By the CNN Wire Staff
A May 31, 2011 file photo shows Palestinian prime minister Salam Fayyad at his office in the West Bank city of Ramallah.
A May 31, 2011 file photo shows Palestinian prime minister Salam Fayyad at his office in the West Bank city of Ramallah.
STORY HIGHLIGHTS
  • Salam Fayyad is the incumbent prime minister of the Palestinian Authority
  • Official: Fatah is to discuss candidacy of Fayyad and others with Hamas in Cairo Tuesday
  • Hamas is unlikely to support him
  • He is a U.S.-educated former IMF official

The secular Palestinian nationalist party nominated Fayyad during a Saturday night meeting of its central committee in Ramallah, said Nabil Shaath, a senior Fatah official.

Fatah and Palestinian rival faction Hamas are trying to hammer out a power-sharing government after a sometimes violent rivalry that has left Fatah in control of the West Bank and Hamas running Gaza.

Fayyad and other potential candidates are scheduled to be discussed in a meeting with Hamas in Cairo on Tuesday, said an official who spoke on condition of anonymity. He did not want to be named because of the sensitivity of the issue.

"It is the right of Fatah party to nominate and elect any candidate it desires, but it is also the right of Hamas to approve the candidate nominations," Hamas spokeman, Sami Abu Zuhri, told CNN. Hamas is an Islamist faction with a militant wing.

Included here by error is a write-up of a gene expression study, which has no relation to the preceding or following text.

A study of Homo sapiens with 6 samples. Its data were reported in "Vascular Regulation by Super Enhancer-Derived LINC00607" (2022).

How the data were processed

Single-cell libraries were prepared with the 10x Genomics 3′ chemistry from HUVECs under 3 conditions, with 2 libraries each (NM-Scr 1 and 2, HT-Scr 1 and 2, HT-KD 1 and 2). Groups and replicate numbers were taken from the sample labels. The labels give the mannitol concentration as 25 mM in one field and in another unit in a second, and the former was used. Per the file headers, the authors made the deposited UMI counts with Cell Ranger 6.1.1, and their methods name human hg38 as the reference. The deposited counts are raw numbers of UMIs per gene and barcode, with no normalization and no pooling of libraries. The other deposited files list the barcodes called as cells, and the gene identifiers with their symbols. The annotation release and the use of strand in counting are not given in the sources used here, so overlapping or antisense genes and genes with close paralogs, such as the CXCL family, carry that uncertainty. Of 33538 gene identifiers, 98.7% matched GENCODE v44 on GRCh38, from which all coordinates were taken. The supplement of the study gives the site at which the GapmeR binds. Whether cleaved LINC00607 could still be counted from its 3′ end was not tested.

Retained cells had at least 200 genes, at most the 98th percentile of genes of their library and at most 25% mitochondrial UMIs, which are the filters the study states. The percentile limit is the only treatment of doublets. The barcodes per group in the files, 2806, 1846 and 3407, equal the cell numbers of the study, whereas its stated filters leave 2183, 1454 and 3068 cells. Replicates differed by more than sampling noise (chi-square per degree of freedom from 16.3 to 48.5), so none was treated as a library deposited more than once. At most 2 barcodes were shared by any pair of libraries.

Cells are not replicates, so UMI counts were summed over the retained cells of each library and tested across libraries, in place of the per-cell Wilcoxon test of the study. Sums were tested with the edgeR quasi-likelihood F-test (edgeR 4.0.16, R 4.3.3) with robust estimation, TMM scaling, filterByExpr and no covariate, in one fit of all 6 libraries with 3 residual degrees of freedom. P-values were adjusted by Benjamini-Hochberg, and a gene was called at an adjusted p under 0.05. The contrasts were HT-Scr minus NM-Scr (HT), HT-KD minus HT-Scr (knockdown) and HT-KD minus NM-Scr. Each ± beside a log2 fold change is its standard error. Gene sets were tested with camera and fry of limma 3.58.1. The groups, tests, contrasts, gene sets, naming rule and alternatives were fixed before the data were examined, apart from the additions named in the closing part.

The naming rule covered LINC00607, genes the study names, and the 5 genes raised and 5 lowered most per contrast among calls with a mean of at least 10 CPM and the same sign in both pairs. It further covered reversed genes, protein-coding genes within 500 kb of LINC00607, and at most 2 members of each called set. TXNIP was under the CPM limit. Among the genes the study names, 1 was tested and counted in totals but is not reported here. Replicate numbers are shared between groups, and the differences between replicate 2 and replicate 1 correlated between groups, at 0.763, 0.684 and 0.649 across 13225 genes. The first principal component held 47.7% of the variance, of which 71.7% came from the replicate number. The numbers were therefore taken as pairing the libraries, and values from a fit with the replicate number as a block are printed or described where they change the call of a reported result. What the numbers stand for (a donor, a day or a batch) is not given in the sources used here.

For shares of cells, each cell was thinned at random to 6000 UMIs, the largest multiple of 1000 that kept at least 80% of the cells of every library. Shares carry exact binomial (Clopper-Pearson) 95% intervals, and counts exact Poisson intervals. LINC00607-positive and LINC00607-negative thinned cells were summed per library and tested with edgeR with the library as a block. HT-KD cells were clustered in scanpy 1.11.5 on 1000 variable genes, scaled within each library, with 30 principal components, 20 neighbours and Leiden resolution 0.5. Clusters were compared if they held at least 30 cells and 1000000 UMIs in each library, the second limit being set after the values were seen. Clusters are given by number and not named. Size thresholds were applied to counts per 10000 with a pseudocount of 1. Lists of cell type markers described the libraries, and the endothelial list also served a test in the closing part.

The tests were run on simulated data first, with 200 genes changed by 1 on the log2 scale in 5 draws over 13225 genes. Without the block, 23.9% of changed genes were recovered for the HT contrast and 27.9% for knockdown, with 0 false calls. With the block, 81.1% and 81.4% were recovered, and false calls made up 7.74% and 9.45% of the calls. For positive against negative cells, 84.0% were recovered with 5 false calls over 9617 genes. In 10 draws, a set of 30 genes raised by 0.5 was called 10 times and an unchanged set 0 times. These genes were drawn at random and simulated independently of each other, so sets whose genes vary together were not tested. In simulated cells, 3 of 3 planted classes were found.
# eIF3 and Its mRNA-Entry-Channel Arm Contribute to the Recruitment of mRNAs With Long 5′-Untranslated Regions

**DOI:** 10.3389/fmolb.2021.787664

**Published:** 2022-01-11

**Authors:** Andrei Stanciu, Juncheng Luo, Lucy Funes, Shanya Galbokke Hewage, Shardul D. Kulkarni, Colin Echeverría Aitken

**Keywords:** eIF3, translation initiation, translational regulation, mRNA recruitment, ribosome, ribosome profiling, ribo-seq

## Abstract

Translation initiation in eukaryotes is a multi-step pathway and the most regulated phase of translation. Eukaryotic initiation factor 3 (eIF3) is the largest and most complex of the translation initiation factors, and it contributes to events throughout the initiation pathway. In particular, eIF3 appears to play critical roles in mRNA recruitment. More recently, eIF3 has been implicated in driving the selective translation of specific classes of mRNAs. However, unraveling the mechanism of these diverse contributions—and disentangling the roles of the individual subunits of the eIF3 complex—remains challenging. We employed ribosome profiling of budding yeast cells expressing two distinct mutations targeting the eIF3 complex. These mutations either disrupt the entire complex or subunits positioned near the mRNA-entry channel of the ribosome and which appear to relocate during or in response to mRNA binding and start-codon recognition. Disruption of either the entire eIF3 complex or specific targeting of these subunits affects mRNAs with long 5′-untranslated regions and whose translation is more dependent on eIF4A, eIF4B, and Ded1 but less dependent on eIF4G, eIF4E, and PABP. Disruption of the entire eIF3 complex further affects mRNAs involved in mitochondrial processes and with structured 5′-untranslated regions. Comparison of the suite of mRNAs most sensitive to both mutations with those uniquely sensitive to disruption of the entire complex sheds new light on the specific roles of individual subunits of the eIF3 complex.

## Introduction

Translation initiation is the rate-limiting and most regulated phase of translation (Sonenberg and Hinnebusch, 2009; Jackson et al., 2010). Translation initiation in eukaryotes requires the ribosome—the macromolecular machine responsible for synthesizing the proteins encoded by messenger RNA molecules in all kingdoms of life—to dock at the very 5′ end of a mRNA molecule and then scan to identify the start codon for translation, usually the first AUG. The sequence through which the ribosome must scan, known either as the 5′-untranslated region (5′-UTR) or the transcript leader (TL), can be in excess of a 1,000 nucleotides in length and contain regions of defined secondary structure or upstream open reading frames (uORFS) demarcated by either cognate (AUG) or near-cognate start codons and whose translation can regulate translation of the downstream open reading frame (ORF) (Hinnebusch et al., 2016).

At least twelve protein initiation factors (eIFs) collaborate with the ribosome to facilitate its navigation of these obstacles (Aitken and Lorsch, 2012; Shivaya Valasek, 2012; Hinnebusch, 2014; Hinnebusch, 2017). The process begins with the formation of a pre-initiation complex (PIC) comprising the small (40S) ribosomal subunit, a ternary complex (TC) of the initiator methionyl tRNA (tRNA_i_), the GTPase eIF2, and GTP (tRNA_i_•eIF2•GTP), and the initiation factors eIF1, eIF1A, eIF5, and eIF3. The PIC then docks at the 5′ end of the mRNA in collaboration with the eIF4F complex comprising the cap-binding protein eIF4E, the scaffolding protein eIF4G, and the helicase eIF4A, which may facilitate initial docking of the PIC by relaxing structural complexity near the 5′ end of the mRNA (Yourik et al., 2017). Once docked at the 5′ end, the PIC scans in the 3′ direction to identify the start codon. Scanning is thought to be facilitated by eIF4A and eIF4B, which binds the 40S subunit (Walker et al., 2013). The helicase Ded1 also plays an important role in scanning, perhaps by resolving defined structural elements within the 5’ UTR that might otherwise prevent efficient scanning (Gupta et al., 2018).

Fayyad is not a member of either of the formal rival factions, which are working to form a new transitional reconciliation government.

Fayyad is reviled by many in Hamas who consider him a lackey for the United States and Israel. He's also resented by many old-guard Fatah officials for the policy control he exerts.

A former International Monetary Fund official, Fayyad was educated in the United States.

His exclusion from a future government would likely contribute to pressure on American and European governments to curtail the hundreds of millions of dollars given to the Palestinian Authority every year.

He suffered a heart attack while visiting Texas last month for his son's college graduation, the Palestinian Authority said at the time.

CNN Jerusalem bureau chief Kevin Flower contributed to this report.